The best and the worst real-time marketing from the Emmys

The Emmys are on, and despite the prospect of sinking ratings due to the event being held on a Monday, brands are out in full force.

We run down the best and the worst real-time marketing, recognizing both off-the-cuff remarks as well as those, like Mercedes-Benz’s, that were days and maybe even months in the making.

Best

Netflix

Netflix had won the night before even starting, with the most number of nominations ever. But after presenter Jimmy Kimmel called out Ricky Gervais for having a “Netflix face,” the brand jumped on it, asking people to tweet them their own “Netflix face.”

Instagram

The Facebook-owned social network had one of the best tweets of the night, strangely enough. Favorited over 2,500 times, the service promised a tour of “Sherlock’s” London, showing pictures of filming locations from the BBC show. 

AARP

This marketer has had a strong showing on the awards show circuit — it even live-tweeted its way through the Oscars earlier this year. It tweeted its way through tonight as well, doing what might be considered unthinkable: applauding people for their age. (It was also a broadcast advertiser during the telecast.)

 Worst

Mercedez-Benz USA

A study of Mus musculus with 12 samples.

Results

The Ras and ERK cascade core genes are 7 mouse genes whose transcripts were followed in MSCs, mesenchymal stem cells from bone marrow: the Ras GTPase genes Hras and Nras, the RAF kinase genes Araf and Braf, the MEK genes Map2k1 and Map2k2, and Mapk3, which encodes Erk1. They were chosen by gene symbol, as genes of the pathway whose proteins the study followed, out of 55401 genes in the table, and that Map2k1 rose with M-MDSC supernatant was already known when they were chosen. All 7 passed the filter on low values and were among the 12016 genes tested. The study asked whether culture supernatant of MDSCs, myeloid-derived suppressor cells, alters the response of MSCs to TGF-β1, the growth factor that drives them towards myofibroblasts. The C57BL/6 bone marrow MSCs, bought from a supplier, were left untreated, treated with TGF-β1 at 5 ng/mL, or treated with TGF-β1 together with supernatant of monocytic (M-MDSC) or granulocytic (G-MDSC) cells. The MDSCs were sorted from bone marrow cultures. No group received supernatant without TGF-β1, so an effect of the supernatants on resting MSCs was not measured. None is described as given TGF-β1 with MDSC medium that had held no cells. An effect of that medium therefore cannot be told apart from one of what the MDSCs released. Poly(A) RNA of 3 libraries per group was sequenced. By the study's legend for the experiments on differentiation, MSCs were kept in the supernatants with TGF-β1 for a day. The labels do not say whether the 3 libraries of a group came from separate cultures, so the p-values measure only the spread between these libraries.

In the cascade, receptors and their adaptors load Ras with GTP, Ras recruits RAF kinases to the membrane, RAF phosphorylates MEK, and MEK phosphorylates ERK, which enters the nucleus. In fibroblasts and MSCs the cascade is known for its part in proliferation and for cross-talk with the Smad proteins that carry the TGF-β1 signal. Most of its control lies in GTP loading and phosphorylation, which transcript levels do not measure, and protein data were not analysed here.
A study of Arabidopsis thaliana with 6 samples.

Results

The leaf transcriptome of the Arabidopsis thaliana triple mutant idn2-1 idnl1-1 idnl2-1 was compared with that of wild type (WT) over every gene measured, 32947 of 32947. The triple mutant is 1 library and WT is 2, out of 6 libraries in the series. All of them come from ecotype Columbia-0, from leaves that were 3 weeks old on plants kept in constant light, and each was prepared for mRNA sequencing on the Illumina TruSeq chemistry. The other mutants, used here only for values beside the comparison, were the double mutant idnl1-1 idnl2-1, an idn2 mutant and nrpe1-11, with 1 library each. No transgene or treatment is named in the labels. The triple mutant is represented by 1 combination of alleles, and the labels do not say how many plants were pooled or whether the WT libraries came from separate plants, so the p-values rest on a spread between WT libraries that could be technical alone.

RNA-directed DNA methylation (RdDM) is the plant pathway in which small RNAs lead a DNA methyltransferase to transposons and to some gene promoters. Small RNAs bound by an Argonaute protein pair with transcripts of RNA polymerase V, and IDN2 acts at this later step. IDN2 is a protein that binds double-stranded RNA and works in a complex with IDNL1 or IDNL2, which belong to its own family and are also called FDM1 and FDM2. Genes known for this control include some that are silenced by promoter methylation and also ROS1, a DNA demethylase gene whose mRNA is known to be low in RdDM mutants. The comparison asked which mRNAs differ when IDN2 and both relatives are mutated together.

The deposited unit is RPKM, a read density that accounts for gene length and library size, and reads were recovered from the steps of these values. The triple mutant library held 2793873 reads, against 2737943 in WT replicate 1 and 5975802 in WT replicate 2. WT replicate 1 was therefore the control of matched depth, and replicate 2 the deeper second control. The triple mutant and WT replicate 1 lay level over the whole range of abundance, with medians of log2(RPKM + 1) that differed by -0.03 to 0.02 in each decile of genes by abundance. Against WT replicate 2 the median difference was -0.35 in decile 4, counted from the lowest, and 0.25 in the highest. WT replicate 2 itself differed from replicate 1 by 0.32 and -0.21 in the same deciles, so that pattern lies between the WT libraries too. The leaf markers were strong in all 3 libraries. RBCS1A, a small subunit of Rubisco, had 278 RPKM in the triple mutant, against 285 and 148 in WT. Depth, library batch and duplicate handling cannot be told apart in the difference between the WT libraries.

We had an early contender for the worst brand tweet, when Mercedez-Benz, a full four days before the event, laid this upon us. 

Gain

What? Something about smelling great but also wearing couture?

Dominos

There are two routes to brand laziness during the Emmys. One is Photoshopping your product onto a fake red carpet. The other is dressing said product up as if it were an actual celeb. Dominos went the latter way, then made it worse by playing a weird game where they instructed people to “double dunk” if fake tears were spotted.

Subway

We take back what we said. This is the laziest brand tweet of them all. A bit of Photoshopping would have been an improvement.

Dove

Make sure you take a shower before settling down to watch the Emmys, says Dove.

https://digiday.com/?p=85716

More in Marketing

Digiday+ Research: Publishers anticipate having more time with third-party cookies than marketers

The timeline on which Google will officially kill the third-party cookie is anyone’s guess at this point. According to a Digiday+ Research survey conducted in the second quarter, marketers’ guesses look very different from publishers’.

The Guardian moves closer to being a reader-supported business as it launches new cooking app

The app is being used to provide a compelling offering which encourages readers to support the Guardian more financially, while also reaching new audiences.

Manchester City uses Fortnite to expand its global audience

As Manchester City rolls out its own Fortnite experience, it will have to contend with the fact that this brand new world does not come with a pre-existing user base. To address this problem, the company plans to leverage its network of players and talent to spread the word across their social feeds.